CGDC #7 – Mark’s Virtuality!February 20, 2010
A two room escape game where you have to… escape. However, there are no doors, no windows, no secret-trapdoor-hidden-under-the-carpet! A dangerous, *tedious* game awaits you!
I think this is the first game I’ve seen proudly advertise itself as “tedious.” (Wait, I mean “*tedious*,” with asterisks and everything.) This is an interesting marketing decision, to say the least. Generally, your blurb is intended to entice, tantalize, and even – yeah, what the hell, it’s a good word – titillate potential players of your game, and under most circumstances, “tedious” is a word you would want to avoid using.
This particular blurb, however, raises an intriguing question: just how the hell can something be tedious and dangerous at the same time? Doesn’t fear for one’s life override tedium? I must know! I have to play this game!
[spoilers begin here]
Oh my goodness look at that top bar. There is a lot of information happening up there. Time: 6:00 AM. Points: 20/2926. (Wow, I’ve got 20 points already and I’ve barely even read anything yet!) Room: Grassy Field??? Optimism: 34%. (That must mean the glass is 17% full and 33% empty.) Objectives blah blah achievements blah blah holy shit I have hit points? Well all right.
It is a warm day. You are in a beautiful grassy field that seems to extend forever in all directions. A cool breeze refreshes you. Flowers decorate the place with bright shades of pink, blue and yellow. You feel relaxed and happy.
Freaking fantastic. How long until it all goes tits-up? Two turns? Three? At least this game doesn’t seem to have a small child who’s going to die horribly.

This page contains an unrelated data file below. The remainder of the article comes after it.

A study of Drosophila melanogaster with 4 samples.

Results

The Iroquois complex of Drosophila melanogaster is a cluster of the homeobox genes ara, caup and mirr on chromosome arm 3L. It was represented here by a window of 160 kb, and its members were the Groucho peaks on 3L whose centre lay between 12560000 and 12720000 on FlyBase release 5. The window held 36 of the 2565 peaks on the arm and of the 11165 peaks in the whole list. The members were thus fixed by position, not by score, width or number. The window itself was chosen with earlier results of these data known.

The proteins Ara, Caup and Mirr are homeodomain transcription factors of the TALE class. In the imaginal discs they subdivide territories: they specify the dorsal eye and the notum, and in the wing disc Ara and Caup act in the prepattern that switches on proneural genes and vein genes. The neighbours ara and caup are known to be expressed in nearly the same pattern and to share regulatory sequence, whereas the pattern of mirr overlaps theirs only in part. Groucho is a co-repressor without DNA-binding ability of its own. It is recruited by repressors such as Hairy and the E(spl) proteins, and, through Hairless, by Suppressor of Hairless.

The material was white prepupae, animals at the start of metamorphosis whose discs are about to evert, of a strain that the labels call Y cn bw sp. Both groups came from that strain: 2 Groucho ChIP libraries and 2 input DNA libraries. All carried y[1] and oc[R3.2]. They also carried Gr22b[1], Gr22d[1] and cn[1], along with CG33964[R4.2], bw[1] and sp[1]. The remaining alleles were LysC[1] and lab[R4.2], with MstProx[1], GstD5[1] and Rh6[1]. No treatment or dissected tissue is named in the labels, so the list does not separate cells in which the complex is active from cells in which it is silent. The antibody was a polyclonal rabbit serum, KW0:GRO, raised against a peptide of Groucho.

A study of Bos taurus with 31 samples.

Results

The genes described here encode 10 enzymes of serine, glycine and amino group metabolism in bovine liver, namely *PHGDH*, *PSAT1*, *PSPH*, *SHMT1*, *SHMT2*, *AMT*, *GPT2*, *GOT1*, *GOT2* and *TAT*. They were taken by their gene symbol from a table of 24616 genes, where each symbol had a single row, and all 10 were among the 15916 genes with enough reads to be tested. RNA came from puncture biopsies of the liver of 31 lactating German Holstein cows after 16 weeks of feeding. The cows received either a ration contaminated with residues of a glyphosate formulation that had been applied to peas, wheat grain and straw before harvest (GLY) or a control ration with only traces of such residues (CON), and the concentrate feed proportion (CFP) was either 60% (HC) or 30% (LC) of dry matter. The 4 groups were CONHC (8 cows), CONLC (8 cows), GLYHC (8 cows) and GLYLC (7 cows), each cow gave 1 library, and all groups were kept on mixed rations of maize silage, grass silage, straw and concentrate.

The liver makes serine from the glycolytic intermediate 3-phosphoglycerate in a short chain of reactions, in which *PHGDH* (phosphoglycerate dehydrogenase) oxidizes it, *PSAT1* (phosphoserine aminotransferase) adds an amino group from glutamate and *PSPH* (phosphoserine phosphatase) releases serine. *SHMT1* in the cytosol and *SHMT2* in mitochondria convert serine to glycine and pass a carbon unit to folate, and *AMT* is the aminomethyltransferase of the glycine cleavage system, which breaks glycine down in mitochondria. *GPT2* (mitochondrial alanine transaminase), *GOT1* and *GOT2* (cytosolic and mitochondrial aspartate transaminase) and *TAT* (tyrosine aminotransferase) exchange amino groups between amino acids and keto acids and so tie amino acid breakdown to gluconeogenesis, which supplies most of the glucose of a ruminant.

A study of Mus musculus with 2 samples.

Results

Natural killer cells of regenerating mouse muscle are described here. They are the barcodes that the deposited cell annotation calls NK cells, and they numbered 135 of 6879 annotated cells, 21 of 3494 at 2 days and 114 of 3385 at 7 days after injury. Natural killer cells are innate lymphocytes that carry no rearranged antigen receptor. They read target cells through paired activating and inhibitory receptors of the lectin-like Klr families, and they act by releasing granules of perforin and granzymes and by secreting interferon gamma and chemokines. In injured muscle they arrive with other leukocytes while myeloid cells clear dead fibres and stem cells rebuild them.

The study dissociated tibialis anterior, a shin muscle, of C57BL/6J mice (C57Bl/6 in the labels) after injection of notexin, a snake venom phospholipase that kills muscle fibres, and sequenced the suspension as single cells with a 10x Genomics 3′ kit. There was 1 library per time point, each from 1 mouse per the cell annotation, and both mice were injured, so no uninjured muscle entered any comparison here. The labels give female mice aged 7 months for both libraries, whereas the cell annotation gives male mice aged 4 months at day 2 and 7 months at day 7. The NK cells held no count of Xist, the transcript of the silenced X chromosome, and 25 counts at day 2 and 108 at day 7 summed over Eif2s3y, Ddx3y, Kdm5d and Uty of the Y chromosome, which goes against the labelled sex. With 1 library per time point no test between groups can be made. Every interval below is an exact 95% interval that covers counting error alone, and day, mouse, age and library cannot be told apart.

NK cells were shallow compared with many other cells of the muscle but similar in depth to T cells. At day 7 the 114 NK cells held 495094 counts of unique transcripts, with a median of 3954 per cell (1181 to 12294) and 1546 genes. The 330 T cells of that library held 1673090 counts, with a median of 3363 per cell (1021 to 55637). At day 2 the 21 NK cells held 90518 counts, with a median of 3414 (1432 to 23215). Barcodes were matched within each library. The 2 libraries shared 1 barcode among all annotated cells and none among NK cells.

> x flowers
You can’t see any such thing.
I’m going to assume this is the author’s first foray into IF, mainly because I have hit points. (Which is awesome. There is nothing wrong with an infusion of fresh ideas.) So, here is the thing about interactive fiction: the player experience is to a large extent determined by the responsiveness of the parser. The more commands we type in that are met with sense-making answers, the happier we are with the game, and vice versa. When there are things in the room description, we want to be able to examine them, and being told we can’t see them puts a tiny frown in our hearts.
Oh, hey, I achieved something? I’m’a view my achievements!
ahahahaha that achievement was for examining myself, and I earned another one for checking my achievements. Maybe I shouldn’t care whether I can see flowers or not.
Yeah, now that I’m out of the simulation, I can see all kinds of things. Which makes not being able to have seen those flowers even less excusable.
I’m enjoying the setup here. Apparently someone’s locked me in a room with a virtual reality machine, an AI who keeps telling me how awesome the virtual reality machine is, and a bunch of other stuff I don’t really care about because it isn’t the virtual reality machine, but if I futz around with it I might get to go back into the virtual reality machine. I think.
“Can you get me a bowl of baked beans, please? I’m a little fat, but I’m also really hungry,” says the King. You listen in doubt.
This is a weird-ass game. I think I like it.
…well, I’m enjoying the strangeness, but I’m also starting to feel the tedium. Maybe it’s because I’ve only got the nebulous goal of escaping and the more immediate and exhausting goal of Achieving Them All. Plus this encoded password looks like it was written for a Mystery Hunt puzzle and the computer uses DOS. Seriously, there’s a C:\> prompt. I feel bad for lifelong Mac users and people younger than I am. Wait, screw that, I feel bad for me.
You plug the thumb drive into the slot marked “j”. The computer whirs as it struggles to process such a modern device.
Did computers back then have such things as USB ports? Mine had dual five-anna-quarter floppy drives. This was really exciting because you could make copies, although I forget why you wanted to.
Man, I resent having to google what the extension for Powerpoint files is. And what the hell is a fishpark? Sea World? An aquarium? Wait, I think the author’s British… a place where you park your fish? Oh, no, just an aquarium. (Password is OTU51 for those of you with no patience.)
Oh, hey, I now own 308 cents worth of stock in the BeanMaster company! That’s pretty cute.
Okay, normal ending was amusing. I lack the impetus to go through all that again trying to find the happy one. This game was… this game certainly was.